Almost three months still remain until the first Duck football game, but the turf at Autzen Stadium is ready to go.

NeXturf, the new artificial surface chosen by the Athletic Department in January, was laid in the stadium two weeks before the June 15 deadline, approximately one month after installation began.

John Norton, a project manager for Hunt/Wildish, the contractor for the stadium expansion, said work finished early because of the warm and dry spring weather Eugene has seen.

“It’s always good to be done a bit earlier,” he said.

Norton added that workers from Southwest Recreational Industries, Inc., the creators of the turf, were contracted to install the turf. He said this allowed for a more experienced set of workers.

The turf, which cost $1.35 million, is the fifth artificial surface in the 34-year history of Autzen Stadium. The traditional pattern of the alternating dark and light green color scheme every five yards will continue with the new turf.

Although Autzen is the first collegiate facility in the nation to install the turf, the NFL’s Atlanta Falcons use it in their training facility.

After the 2001-02 season, the turf will be removed and stored during construction of the seating expansion. Because of this, only yard lines, end lines and side lines will be inlaid on the turf before the upcoming season. After the expansion is completed in 2002, all markings will be permanently installed on the turf.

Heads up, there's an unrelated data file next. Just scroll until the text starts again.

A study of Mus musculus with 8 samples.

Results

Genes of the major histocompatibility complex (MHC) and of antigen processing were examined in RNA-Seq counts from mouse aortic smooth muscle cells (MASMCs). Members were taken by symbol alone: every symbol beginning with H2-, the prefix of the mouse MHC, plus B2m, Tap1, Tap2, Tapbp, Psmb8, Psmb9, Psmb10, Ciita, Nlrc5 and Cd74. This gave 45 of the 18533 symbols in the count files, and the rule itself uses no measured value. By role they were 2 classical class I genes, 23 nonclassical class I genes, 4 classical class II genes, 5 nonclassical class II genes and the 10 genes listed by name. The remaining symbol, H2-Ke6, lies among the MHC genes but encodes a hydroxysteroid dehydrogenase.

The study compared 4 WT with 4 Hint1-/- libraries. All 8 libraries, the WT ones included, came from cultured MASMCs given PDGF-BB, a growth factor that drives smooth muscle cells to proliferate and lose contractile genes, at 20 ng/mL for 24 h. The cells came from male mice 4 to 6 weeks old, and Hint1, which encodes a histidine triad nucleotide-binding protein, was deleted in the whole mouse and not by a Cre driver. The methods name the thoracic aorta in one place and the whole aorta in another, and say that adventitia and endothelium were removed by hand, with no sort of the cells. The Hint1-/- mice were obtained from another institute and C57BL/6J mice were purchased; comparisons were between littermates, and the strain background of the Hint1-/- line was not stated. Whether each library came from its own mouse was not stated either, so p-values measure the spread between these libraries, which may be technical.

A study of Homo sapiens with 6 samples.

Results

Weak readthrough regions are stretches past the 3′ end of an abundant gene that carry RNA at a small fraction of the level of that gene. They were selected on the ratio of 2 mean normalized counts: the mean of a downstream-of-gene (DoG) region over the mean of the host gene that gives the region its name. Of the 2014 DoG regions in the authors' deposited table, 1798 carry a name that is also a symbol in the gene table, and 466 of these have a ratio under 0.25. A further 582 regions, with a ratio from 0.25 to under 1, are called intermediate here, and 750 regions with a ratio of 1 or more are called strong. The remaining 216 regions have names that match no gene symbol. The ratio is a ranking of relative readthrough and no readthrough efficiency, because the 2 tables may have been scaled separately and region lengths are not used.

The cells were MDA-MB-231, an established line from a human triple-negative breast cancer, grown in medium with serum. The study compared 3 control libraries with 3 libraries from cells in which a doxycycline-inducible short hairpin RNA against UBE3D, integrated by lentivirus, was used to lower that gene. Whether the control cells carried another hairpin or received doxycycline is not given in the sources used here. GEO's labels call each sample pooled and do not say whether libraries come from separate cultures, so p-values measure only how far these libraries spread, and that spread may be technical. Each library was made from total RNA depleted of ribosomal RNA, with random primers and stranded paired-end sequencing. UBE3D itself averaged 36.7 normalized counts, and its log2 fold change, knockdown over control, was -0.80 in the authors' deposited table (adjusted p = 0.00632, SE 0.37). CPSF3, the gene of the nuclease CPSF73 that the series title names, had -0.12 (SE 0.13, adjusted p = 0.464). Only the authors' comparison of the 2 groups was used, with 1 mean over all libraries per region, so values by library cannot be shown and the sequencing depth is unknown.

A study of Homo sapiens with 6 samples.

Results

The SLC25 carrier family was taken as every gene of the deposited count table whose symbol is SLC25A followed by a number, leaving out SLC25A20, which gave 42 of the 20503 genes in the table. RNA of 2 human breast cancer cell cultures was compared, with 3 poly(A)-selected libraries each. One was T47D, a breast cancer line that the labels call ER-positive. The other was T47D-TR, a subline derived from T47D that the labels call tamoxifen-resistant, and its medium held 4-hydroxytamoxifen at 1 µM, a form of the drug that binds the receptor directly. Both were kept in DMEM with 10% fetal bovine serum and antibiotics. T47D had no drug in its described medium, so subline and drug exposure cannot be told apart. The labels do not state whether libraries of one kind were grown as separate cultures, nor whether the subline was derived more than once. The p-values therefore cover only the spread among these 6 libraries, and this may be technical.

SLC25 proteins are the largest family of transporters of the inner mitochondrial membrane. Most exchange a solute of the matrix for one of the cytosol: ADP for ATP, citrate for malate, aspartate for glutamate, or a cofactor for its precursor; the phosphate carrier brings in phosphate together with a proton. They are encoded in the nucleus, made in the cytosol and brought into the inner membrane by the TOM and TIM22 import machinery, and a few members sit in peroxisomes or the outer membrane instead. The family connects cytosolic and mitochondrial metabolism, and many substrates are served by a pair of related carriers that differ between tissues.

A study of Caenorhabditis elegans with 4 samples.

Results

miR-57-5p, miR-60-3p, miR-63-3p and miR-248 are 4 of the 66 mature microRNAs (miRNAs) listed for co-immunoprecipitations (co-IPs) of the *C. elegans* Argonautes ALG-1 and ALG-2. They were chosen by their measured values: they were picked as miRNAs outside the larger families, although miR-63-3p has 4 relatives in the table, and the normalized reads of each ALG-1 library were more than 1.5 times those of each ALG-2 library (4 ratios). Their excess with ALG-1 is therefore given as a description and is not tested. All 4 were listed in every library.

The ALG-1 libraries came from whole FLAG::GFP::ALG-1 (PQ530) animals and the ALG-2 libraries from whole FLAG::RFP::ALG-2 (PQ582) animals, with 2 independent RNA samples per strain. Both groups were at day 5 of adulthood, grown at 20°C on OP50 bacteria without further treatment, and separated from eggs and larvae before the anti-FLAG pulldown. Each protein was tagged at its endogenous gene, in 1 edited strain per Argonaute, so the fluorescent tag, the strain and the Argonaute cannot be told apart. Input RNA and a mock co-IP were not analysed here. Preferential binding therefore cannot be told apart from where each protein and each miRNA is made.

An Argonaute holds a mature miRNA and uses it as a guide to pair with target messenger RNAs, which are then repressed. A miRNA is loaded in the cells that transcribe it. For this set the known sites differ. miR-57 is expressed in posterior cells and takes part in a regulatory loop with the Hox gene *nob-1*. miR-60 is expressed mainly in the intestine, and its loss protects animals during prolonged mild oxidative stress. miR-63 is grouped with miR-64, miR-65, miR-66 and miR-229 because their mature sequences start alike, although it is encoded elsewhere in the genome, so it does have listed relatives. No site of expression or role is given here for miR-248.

Norton said that although work on the turf is finished, there is still additional work to be done on the stadium. He said this involves site infrastructure, including placement of water, gas, irrigation, sewage and communication lines in a ring around the stadium.

Steve McBride, the assistant athletic director for internal operations, said the department paid Hunt/Wildish a fixed contract, so the early completion will not reduce the cost.

“They didn’t save us any money, anyway,” he said.

Dave Williford, the assistant athletic director for media services, said the next major project will be moving the scoreboard. Workers will move the board as one piece back 30 feet and raise it 30 feet, he said.

He added that it will be a tough job for workers, but it’s necessary to accommodate the addition of 12,000 new seats after the season, and spectators will see the difference.

“It won’t be something that people won’t notice,” he said.

Williford added that all work scheduled to be done on the stadium will be completed before the start of the season Sept. 1 when the Ducks play the University of Wisconsin.